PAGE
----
FOR IMMEDIATE RELEASE
February 13, 2023
Contact: Francisco Díaz Pinelo firstname.lastname@example.org
Centro de los Derechos del Migrante receives the Presidential Award for Extraordinary Efforts to Combat Trafficking in Persons.
Washington D.C., Centro de los Derechos del Migrante, Inc. (CDM), a Baltimore-based migrant workers’ rights organization, received the Presidential Award for Extraordinary Efforts to Combat Trafficking in Persons today at the White House. The U.S. Secretary of State Antony Blinken presented the award to Rachel Micah-Jones, CDM’s Founder and Executive Director, during a cabinet-level meeting of the President’s Interagency Task Force to Monitor and Combat Trafficking in Persons (PITF). Rachel was accompanied to the ceremony by CDM Board President Cori Alonso-Yoder.
Established in the William Wilberforce Trafficking Victims Protection Reauthorization Act (TVPRA) of 2008, the award recognizes individuals and organizations for extraordinary efforts in the fight against human trafficking. CDM receives this recognition on behalf of President Biden “for its outstanding record of assisting thousands of migrant workers to defend their rights and its years of tireless advocacy and organizing to advance a more just and humane migration process free of forced labor and other forms of exploitation,” as stated in the award citation.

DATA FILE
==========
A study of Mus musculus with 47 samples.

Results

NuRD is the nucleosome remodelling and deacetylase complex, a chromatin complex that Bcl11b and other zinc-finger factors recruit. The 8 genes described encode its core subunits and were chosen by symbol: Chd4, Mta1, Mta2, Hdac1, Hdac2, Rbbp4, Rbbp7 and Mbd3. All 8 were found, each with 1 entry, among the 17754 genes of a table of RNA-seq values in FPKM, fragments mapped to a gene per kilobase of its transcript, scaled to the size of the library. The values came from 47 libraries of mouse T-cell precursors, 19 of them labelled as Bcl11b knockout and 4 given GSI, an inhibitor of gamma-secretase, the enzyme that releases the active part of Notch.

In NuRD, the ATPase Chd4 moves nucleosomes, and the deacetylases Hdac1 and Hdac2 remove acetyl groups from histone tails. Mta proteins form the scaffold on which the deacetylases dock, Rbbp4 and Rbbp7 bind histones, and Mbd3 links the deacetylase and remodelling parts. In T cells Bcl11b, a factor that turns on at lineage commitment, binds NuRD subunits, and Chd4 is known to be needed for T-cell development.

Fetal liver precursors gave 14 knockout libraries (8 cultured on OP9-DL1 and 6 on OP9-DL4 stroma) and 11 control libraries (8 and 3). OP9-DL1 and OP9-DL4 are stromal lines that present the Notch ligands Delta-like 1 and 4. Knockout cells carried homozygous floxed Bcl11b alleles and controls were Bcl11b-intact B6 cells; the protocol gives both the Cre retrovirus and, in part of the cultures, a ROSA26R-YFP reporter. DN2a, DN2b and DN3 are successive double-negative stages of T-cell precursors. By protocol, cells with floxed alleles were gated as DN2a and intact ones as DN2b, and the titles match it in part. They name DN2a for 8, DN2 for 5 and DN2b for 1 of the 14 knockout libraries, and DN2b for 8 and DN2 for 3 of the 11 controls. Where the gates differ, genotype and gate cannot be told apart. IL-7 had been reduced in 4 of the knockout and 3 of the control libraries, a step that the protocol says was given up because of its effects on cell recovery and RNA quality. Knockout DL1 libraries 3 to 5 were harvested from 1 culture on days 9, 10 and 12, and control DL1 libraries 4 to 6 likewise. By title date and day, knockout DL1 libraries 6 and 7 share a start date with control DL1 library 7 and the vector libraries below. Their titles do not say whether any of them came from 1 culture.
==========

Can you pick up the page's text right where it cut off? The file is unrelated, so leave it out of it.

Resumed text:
“CDM is honored to receive the Presidential Award for Extraordinary Efforts to Combat Trafficking in Persons. We are proud to be recognized for our role in the collective effort to prevent and end forced labor and human trafficking,” said Rachel Micah-Jones, CDM’s Founder and Executive Director. “We’ll continue to uplift migrant worker voices and support them in their fight for justice by holding accountable individuals and corporations who benefit from these abuses.”
Structural flaws built into the temporary visa programs – such as deep power imbalances between employers and workers – put migrant workers at risk for abuse, including wage theft, discrimination, forced labor and human trafficking.
In its 2020 report “Ripe for Reform,” CDM found that many of the H-2A workers surveyed experienced indicators of labor trafficking while working in the United States. Thirty-four percent of those interviewed described restrictions on their movement, such as not being permitted to leave the employer-provided housing or worksite. Employers seized the passports of 7% of workers. And 32% of those surveyed described themselves as not feeling free to quit.
Founded in 2005 in Zacatecas, México, CDM has fought alongside migrant worker leaders to ensure that migrant worker rights are respected and laws and policies reflect their voices and experiences. The organization also provides legal services to hundreds of migrant workers throughout the U.S. and Mexico each year. CDM is actively litigating cases on behalf of trafficking survivors from Baltimore to San Diego.
For more information, please visit www.cdmigrante.org or contact CDM at email@example.com.